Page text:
Chad Silver's answer If there was judgment on the balance owed against you it would be very difficult and costly to dispute. The smartest way to handle that would be good tax planning to ensure you have no refund coming back at the end of the year for the creditor to intercept. If you can ensure the tax withholding from your pay-stubs are proper along with estimated tax payments, it is likely no money can be intercepted.
Peter N. Munsing's answer In most states the answer is yes. Assuming you were responsible, you want to consider looking at the damage evaluation and figuring out a payment plan. Or you can consult a bankruptcy attorney but the interesting point is I've heard of cases where the debt is erased but because of the way the law and regulations are written the person still has the suspension! (I have not heard of such cases in Arkansas, but chances are an Arkansas lawyer has). Look for an attorney for the county that would...
John Espinosa's answer This question doesn't belong in any of these categories. You may have a civil cause of action for defamation. You should consult with a litigation attorney who specializes in defamation. Here is some more information about defamation: https://www.nolo.com/legal-encyclopedia/defamation-law-made-simple-29718.html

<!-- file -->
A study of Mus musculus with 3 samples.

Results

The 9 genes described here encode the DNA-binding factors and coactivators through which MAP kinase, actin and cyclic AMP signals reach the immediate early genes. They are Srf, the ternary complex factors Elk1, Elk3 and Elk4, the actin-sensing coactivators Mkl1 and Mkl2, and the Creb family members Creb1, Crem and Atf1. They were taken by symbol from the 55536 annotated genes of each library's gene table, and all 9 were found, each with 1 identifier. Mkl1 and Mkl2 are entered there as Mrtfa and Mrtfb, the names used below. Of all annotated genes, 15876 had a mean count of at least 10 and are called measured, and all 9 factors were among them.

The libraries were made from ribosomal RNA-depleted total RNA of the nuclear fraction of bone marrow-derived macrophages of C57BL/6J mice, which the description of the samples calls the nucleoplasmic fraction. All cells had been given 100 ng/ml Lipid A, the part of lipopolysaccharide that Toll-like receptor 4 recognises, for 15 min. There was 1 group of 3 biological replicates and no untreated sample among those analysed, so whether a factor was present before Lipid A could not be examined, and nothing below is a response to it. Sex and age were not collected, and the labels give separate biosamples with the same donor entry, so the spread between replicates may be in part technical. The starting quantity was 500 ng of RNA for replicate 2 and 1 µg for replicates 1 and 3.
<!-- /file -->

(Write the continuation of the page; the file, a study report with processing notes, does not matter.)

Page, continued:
Stefan K. McBride's answer Arkansas is not a community property state, but that doesn't change the answer to your question. If her name is not on the car note, she cannot be held responsible for that debt unless the divorce judge makes her responsible. Even in that case, the only person the financing company can come after is the husband. In that case, he might take her to court for contempt for not paying for the car.
Brandon M Haubert's answer You can claim some of your property as exempt from judgment creditors. If your property is does not fall with the judgment creditor exemption, then you may want to file bankruptcy to protect it. In either case, you may want to talk to a lawyer about your situation.
Don Spears' answer If the sum is not really large, you may be able to file in small claims court in your city or county. Hopefully, you have some evidence that the money was given and there was an intention of paying it back. You should contact a local attorney so that he can go over what evidence of the debt you have and discuss with him what your chances are of getting the funds returned. Many attorneys charge a nominal fee for a consultation of this type.